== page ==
Cloaking a person with implied authority may bind the company in unexpected ways.
During the economic expansion of the last decade, many companies compensated their employees handsomely: Regular raises and stock options were the norm. But things are changing in the new environment. We are again seeing employers offering workers better titles in lieu of money.
Suddenly, everyone is a vice president. But this scheme entails considerable risk. By giving someone an impressive-sounding title, the company may be cloaking that person with the implied authority to bind the company in ways it did not expect.
Under established legal norms, a party is bound by the commitments of its agents when they act within the scope of their authority. Thus, a company will be bound by a commitment made by one its officers unless that commitment is clearly outside the person's authority.
An agent's authority may be express or apparent. Express authority is established when a company announces to an employee and to the outside world that the employee may take certain actions on its behalf. Apparent authority is established when a company places a person in a position that implies the person has such authority.
Determining an individual's apparent authority depends in part on custom and practice within the industry involved. If it is common that a person with a particular title has certain powers, providing that title to an individual automatically conveys those powers.
In Essco Geometric v. Harvard Industries, a court determined that a government contractor was obligated to honor a long-term subcontract for supplies awarded by its purchasing manager, even though the purchasing manager may have violated company policies in awarding the subcontract. That's because it was customary in the industry for purchasing managers to make such arrangements.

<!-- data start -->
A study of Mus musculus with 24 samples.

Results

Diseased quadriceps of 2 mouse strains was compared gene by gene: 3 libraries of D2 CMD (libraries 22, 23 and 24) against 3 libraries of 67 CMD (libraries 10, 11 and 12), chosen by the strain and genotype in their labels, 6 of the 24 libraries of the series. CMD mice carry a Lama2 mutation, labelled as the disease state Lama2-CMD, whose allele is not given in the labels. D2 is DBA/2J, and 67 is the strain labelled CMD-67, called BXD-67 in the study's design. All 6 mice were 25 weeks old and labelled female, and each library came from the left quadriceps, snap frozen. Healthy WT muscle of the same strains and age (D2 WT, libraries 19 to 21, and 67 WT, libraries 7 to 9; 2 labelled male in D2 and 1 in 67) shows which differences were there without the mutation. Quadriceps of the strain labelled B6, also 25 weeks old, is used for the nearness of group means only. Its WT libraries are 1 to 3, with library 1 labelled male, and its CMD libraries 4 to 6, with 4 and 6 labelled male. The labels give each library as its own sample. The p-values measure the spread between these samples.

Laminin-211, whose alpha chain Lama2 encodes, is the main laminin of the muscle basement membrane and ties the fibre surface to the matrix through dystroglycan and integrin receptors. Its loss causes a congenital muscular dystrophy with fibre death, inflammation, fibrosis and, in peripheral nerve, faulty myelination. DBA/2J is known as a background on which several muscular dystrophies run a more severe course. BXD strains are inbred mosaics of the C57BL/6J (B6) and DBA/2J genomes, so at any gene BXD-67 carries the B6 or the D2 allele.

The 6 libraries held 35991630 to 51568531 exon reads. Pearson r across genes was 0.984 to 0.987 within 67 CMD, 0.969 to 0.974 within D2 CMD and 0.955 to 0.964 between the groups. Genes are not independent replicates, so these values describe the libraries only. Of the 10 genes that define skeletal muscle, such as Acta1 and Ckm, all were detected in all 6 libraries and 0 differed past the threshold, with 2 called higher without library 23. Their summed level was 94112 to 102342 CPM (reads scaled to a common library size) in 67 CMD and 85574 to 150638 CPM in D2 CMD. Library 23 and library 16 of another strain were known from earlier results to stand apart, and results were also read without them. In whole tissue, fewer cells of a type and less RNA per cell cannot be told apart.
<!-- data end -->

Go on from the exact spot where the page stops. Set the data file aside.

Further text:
Determining apparent authority may also be affected by the course of dealings between the involved parties. If a company allows a person to act on a contract as though he or she has authority to bind the company, the company cannot disclaim responsibility for that person's commitments.
Awarding a title of vice president carries particular risks. In general, people formally designated by a com.pany's board of directors as officers of the company carry real authority to bind the company to contracts. People not officially designated as officers but who are given a title of vice president will not have such actual authority.
But they may have apparent author.ity, which amounts to the same thing. For example, as demonstrated in the Video Engineering Co. case involving the Transportation Department, another agency's board of contract appeals ruled that a company's vice president for marketing is cloaked with apparent authority to enter into a government contract that binds the company, regardless of any limits on that person's actual authority.
Giving an impressive-sounding title might seem like a cheap way to recognize a person's efforts. But companies should carefully consider the risks.
Peckinpaugh is corporate counsel for DynCorp, Reston, Va. This column represents his personal views.